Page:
While we all resolve to go to the gym every day and lose weight, we…
Start 2021 with a few New Year’s tax planning resolutions
COVID-related legislation drove a lot of tax changes for 2020 and President-elect Joe Biden has proposed many tax changes for 2021. With tax laws already very complicated, we have some resolutions to get ahead in 2021:
- Beware of 2021 tax uncertainties. It is important to review tax plans and estate plans with the Democratic party win since it is probable that taxes will increase. For example, the estate tax exemption may be reduced, which would lead to an increase in estate tax. Some clients should consider gifting to the next generation.
- Update your W-4 Form. The IRS revised the W-4 form in 2019 to make it easier for workers to calculate the correct withholding, but many employees have not yet completed the revised form. Complete the form to optimize tax withholding.
- Explore amending prior years’ tax returns to unlock a refund. Recent retroactive tax legislation has provided a lot of potential tax benefit to amending prior years’ tax returns, including the Kiddie Tax, disaster losses, mortgage debt forgiveness, mortgage insurance premiums, energy-efficient home repairs, and, for businesses, net operating loss carryback.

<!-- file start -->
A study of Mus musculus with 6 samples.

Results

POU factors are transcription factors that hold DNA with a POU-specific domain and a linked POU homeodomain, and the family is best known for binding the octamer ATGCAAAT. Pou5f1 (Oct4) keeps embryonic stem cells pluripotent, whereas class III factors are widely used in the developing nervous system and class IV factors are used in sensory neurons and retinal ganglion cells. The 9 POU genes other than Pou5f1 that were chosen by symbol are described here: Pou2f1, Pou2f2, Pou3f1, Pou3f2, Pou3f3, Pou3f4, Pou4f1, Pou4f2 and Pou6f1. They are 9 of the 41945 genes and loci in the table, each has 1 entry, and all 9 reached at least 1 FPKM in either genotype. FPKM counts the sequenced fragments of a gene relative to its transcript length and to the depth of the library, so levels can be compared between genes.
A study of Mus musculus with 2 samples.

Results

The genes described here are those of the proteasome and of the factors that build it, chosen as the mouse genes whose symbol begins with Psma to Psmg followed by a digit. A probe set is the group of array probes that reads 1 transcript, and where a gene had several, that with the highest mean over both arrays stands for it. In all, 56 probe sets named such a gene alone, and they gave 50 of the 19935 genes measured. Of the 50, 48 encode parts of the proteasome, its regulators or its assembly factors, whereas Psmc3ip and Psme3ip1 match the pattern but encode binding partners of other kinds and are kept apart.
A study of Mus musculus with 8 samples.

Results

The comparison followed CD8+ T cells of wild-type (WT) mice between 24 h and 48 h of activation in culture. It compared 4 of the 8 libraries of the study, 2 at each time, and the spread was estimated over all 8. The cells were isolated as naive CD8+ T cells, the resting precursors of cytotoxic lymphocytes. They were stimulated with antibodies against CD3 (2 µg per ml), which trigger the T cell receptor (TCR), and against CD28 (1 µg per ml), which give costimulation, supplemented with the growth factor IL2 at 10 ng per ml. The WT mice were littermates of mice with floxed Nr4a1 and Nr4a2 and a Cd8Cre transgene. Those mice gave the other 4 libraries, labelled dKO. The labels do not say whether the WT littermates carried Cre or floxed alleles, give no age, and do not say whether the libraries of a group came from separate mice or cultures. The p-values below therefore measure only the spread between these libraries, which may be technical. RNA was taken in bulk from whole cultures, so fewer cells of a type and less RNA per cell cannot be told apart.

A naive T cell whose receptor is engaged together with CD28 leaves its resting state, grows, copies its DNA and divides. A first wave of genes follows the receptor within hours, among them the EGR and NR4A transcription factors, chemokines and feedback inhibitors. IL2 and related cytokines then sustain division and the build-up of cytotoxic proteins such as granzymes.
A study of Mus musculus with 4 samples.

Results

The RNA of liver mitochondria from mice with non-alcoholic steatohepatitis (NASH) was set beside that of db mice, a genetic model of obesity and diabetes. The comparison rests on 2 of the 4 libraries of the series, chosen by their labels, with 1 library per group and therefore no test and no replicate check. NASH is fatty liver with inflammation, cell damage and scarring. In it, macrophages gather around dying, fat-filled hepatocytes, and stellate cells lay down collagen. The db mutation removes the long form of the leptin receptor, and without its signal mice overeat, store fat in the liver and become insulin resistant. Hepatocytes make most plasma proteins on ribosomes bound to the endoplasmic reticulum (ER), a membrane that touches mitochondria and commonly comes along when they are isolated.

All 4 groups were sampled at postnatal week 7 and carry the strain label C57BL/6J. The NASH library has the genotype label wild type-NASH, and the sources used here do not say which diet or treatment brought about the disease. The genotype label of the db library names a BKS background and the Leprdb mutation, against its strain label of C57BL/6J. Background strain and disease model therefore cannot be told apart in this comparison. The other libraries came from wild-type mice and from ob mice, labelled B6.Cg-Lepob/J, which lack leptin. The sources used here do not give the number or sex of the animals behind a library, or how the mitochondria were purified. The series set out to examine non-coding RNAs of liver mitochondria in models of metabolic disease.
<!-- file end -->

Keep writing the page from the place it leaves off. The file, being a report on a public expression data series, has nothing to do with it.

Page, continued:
- Review estate planning documents. After 2020, if there ever was a time to review your estate planning, it is now. Estate planning documents are important documents to periodically review. Changes in federal and state estate taxes (New Jersey abolished its estate tax 3 years ago) may have an impact, and even if they do not, there may be a reason to adjust for new goals or major life changes (think new children, health changes, etc.). Old insurance trusts or credit shelter trusts may no longer be needed, or may now require more flexibility, while trusts drafted with stretch IRA provisions may need to be revised.
- Revisit your beneficiary designation. Your IRA beneficiary designation form controls the fate of your IRA after your death. Make sure that retirement funds pass to beneficiaries in a protected and tax-efficient manner. Recent law changes may mean your beneficiary form is out of date. Spend some time in 2021 checking this form to be certain it optimizes your wishes.
- Pay attention to foreign accounts and assets. The IRS asks questions about these on your tax return (see the bottom of Schedule B (Part III)) and increasingly has access to foreign bank information to determine if you are disclosing your foreign assets and income properly. The IRS recently began mailing warning letters to certain targeted taxpayers who may have foreign accounts. Failure to report foreign accounts, or reporting them incorrectly, can have serious consequences, including high civil and criminal penalties.
New Year’s is always been a time of making resolutions. However, there are few of us who make tax planning New Year’s resolutions. Do not procrastinate. Make these resolutions even if they are unpleasant or time-consuming. Proper planning can result in security and tax benefits…and most importantly, peace of mind!